The assault on Raqqa, the capital of the Islamic State’s self-declared caliphate, is about to begin, and the end of ISIS is in sight. But so is the end of the tacit tactical alliance between Iran and the United States.
For a time, the old adversaries cooperated against their common enemy. The United States provided the Iraqi government and Iranian-backed Shiite militias with air support to help them seize control over the Iraqi cities of Tikrit in April 2015 and large parts of Mosul by February 2017. However, as these same Iraqi Shiite militias pursue fleeing ISIS elements to oil-rich Deir Ezzour in neighboring Syria, they confront United States special-operations forces and an American-backed coalition of Syrian rebel groups.
In Iraq, the U.S. is working with Iraqi government forces and Iranian-backed Shiite militias in a joint struggle against ISIS. In Syria however, the United States supports the moderate opposition to Bashar al-Assad’s regime, while Iran and its Shiite proxies are engaged in a relentless effort to eliminate opposition forces and secure the survival of the very same regime.
On Tuesday, June 6, U.S.-led coalition fighter jets bombed Syrian government soldiers and, according to some reports, Shiite Iraqi militia members in the al-Tanf region in southeastern Homs province, where since May 2015 a contingent of U.S. troops has been training Syrian opposition forces. It was the second time in less than a month that coalition forces had attacked Syrian regime forces and their allies as they headed toward the al-Tanf garrison. On May 18, coalition planes pounded a convoy headed toward al-Tanf.
The scene is set for a zero-sum game: Iran and its allied Shiite militias want the area to establish an overland corridor to the Syrian-Israeli border, the Mediterranean, and Lebanon. In the first year of the Syrian Civil War, the late Iranian president Akbar Hashemi Rafsanjani likened such an overland corridor to a “string of pearls” [reshteh-ye morvarid] that would connect Iran with its regional allies all the way from western Afghanistan to Lebanon, allowing Tehran to consolidate its sphere of influence across the Levant and facilitate arms shipments to Hezbollah. The American strategy is not clear, but the United States needs to control the area to cut Iran’s expansionism, which is causing alarm among Washington’s key Arab allies and Israel. Unrestricted Iranian access to Lebanese Hezbollah is not only likely to further strengthen the organization, but risks emboldening the group to provoke another war with Israel.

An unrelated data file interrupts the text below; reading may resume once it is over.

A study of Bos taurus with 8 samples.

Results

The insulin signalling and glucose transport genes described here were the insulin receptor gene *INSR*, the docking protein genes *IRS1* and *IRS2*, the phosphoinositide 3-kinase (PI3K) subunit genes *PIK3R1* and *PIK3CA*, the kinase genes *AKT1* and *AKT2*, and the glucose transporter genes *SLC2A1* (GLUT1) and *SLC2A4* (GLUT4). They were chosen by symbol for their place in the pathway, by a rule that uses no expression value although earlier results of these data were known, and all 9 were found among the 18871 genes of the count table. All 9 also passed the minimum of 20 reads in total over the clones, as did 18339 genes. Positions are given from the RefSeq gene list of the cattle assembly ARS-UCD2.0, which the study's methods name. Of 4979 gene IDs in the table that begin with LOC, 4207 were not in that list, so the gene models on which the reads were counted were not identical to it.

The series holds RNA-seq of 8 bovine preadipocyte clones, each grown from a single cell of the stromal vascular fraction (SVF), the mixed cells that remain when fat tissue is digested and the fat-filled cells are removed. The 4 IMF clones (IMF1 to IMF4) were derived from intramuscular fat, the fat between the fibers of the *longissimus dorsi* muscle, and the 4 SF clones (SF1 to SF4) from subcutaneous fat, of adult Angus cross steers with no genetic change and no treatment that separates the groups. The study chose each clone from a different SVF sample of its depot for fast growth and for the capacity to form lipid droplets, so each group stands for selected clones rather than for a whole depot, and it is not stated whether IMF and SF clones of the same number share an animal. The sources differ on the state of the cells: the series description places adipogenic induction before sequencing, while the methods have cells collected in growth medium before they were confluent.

Iran and its Shiite coalition, which has sacrificed blood and treasure to maintain control over Syria, is not likely to restrain itself in the endgame against ISIS. Four hundred and ninety Iranians, 1,063 Lebanese Hezbollah fighters, 653 Afghans, 144 Pakistanis, and at least 94 Iraqi Shia, by my count, have sacrificed their lives in Syria, and they did not do so just to back off at the last moment. Nor is the Trump administration in a position to back off; it has promised America’s Sunni allies it will contain and curtail Iran’s power.
Potential for escalation of the conflict between Tehran and Washington is very real. The brazen acts of the Islamic Revolutionary Guards Corps (IRGC) and its Quds Force—which is tasked with “exporting” Iran’s revolution beyond Iran’s borders—and attempts at testing or tarnishing American power and prestige, risk provoking heavy-handed responses. In the Persian Gulf and Shat al-Arab waterway, for example, the IRGC Navy engages in systematic provocations against the America’s Fifth Fleet, and has previously taken British and American sailors as prisoners of war—releasing them only after extensive use of their photos in humiliating positions in government-controlled media. There are still no reports of Iranian casualties among those killed in America’s recent bombardments of Syrian government and allied Shiite convoys headed to Syria. But the U.S. military response is not likely to deter the IRGC, and it is doubtful if the IRGC leadership would have any other choice but responding in kind in an attempt to avoid losing face in front of the Iranian public.
Such dynamics are not only likely to escalate tensions between Iran and the United States, but could also fuel the vicious cycle of violence for which Tehran is ill-prepared.
There are, however, also a few mitigating factors. Even after the implosion of the Islamic State and its self-proclaimed caliphate, disgruntled Sunnis in Iraq and Syria are likely to rebel against Iran and its Shiite proxies. Regional Sunni powers are just as likely to come to their aid in an attempt to reestablish the regional balance of power. Given such prospects, Tehran is not likely to want an all-out war against Washington. The question is whether Tehran’s leadership—or Washington’s—can prevent it.